The start of November heralds in the beginning of the holiday season, and with it, holiday parenting time. Will your child be giving thanks for how seamlessly her parents share her time off from school, or will she want to give you both a lump of coal in your stockings? It’s up to you and your co-parent!
Thanksgiving holiday parenting time begins Wednesday evening at 6:00 p.m. the day before Thanksgiving and goes until Sunday evening at 7:00 p.m. But what if your ex-spouse’s Grandma Marie *always* has the family Christmas celebration the day after Thanksgiving? You know your child would love to see her cousins again this year. What do you do?
Be flexible. New traditions will arise when a family changes structure after a divorce, but old traditions are still important. If it’s feasible to work in both traditions, feel free to do it! If it does not work out, perhaps a phone call to relatives or a quick Skype session will make your child feel a part of both celebrations.
Winter / Christmas break begins the last day of school and ends the evening before school starts again after the New Year’s holiday. This is divided in half, with the non-custodial parent having the first half in odd numbered years. If Christmas doesn’t fall during a parent’s week, that parent will have parenting time with the child from noon to 9pm on Christmas Day. Remember to keep your children at the center of the holiday and maintain your cooperative and flexible attitude. The goal is a peaceful holiday season, so be sure to maintain peace at all parenting time exchanges.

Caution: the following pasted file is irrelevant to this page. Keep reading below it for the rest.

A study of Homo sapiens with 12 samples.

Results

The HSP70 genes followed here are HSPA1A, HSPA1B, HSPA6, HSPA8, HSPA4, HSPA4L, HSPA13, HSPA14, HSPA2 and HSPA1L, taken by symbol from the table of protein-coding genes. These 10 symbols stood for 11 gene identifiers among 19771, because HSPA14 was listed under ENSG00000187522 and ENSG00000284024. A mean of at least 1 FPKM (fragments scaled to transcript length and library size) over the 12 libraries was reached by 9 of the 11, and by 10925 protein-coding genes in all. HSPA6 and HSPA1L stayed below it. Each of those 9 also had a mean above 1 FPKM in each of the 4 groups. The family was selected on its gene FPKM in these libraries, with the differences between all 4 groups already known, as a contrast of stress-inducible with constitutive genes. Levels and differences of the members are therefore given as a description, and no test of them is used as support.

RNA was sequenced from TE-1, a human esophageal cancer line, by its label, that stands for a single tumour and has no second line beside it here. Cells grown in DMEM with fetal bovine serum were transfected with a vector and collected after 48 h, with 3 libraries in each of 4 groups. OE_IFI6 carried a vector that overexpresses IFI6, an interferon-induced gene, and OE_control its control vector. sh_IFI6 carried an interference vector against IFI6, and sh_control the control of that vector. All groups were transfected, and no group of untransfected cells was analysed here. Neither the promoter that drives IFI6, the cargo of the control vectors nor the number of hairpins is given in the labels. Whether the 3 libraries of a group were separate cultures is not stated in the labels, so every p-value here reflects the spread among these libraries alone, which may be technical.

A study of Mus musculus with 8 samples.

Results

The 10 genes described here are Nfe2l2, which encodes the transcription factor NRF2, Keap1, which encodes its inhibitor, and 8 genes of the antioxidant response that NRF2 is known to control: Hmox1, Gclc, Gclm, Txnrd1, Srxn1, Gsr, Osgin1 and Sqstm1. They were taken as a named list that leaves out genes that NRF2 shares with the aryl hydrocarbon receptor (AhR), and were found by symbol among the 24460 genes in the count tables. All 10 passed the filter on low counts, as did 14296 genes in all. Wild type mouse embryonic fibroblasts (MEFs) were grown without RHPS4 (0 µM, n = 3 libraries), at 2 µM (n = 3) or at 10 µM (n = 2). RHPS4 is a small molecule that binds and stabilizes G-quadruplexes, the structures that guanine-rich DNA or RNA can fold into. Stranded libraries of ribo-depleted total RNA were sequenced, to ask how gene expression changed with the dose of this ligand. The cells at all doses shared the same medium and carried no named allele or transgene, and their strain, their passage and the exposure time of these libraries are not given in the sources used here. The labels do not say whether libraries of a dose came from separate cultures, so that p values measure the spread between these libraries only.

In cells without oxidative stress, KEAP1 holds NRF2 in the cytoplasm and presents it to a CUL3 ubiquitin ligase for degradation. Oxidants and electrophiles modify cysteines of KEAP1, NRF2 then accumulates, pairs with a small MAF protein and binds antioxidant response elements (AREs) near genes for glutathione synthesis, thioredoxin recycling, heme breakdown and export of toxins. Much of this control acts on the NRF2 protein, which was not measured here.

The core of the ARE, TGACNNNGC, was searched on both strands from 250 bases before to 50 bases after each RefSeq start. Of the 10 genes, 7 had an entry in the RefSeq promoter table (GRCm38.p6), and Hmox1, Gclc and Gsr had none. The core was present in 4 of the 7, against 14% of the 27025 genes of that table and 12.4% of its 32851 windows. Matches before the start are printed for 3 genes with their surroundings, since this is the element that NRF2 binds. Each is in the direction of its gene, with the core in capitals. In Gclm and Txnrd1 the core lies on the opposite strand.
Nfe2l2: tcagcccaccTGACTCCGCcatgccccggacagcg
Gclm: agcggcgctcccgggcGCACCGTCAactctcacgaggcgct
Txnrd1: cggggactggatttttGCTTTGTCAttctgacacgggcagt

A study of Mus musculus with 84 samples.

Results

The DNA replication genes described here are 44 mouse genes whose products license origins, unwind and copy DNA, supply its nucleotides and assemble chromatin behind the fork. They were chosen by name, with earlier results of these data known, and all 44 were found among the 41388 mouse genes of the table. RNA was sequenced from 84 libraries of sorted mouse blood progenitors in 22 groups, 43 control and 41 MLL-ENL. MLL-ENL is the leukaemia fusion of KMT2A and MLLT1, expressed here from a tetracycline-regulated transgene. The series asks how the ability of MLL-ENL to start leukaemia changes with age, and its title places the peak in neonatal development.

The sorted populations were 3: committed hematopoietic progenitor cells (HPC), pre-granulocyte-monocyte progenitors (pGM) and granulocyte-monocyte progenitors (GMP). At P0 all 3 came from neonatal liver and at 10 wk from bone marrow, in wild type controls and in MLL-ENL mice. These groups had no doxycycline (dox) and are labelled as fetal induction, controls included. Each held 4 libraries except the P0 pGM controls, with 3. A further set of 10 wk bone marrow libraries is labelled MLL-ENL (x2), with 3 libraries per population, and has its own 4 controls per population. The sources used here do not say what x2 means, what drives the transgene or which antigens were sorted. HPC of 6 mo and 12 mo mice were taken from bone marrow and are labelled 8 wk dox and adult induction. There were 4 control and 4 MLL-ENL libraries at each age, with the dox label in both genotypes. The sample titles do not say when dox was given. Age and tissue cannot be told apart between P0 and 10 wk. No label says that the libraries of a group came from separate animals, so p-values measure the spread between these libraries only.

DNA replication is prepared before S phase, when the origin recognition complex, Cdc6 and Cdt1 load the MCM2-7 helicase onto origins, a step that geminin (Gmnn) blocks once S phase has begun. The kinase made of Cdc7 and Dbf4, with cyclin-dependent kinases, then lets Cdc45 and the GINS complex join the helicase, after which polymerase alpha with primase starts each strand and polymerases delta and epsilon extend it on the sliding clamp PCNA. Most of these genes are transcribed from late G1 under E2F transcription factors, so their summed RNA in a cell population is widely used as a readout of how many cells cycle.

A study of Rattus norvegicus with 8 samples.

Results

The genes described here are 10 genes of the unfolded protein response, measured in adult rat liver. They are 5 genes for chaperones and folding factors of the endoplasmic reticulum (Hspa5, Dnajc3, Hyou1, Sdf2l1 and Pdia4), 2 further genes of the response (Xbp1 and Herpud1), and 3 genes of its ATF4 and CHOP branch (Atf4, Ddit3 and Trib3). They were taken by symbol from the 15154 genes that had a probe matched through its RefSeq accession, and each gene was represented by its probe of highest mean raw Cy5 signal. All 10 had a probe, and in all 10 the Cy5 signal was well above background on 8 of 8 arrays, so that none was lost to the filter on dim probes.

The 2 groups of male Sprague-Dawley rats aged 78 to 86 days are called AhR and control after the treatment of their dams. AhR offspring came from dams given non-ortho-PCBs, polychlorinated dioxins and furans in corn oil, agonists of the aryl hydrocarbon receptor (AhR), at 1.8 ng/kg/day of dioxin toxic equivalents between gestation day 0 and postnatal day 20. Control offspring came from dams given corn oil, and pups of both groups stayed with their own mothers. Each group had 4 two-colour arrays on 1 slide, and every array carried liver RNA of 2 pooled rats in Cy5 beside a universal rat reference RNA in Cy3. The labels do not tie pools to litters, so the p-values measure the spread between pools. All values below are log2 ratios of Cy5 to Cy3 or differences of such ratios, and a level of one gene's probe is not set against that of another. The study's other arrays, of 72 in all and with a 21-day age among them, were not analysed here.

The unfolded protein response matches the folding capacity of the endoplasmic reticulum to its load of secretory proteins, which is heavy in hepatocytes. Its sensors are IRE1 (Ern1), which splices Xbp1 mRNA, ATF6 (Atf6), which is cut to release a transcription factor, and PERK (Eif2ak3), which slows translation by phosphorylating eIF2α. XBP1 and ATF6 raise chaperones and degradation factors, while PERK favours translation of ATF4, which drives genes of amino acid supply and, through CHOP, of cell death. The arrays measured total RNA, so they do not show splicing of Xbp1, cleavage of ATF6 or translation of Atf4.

What about if your co-parent will have parenting time with your child for the entire Christmas holiday, especially if they must travel to visit out of town relatives? Some parents feel particularly “Scroogy” during this time of year if their child will not be with them and don’t even bother to put up a tree. They feel that if they don’t have their child on the actual *day* of the holiday, then they might as well not bother. However, depending on how old your child is, she may not even know what day Christmas is. And if she does know? So what! Children are thrilled that Santa came to both houses and they can enjoy their stockings and presents the following weekend, and you will still get to enjoy seeing their beaming faces as they excitedly tear open their gifts . . . whatever day that occurs.
Start planning your holiday parenting time now to avoid any last minute surprises or expensive cancellations. Contact the attorneys at Wanzer Edwards if you need help getting into the holiday spirit with your co-parent this year.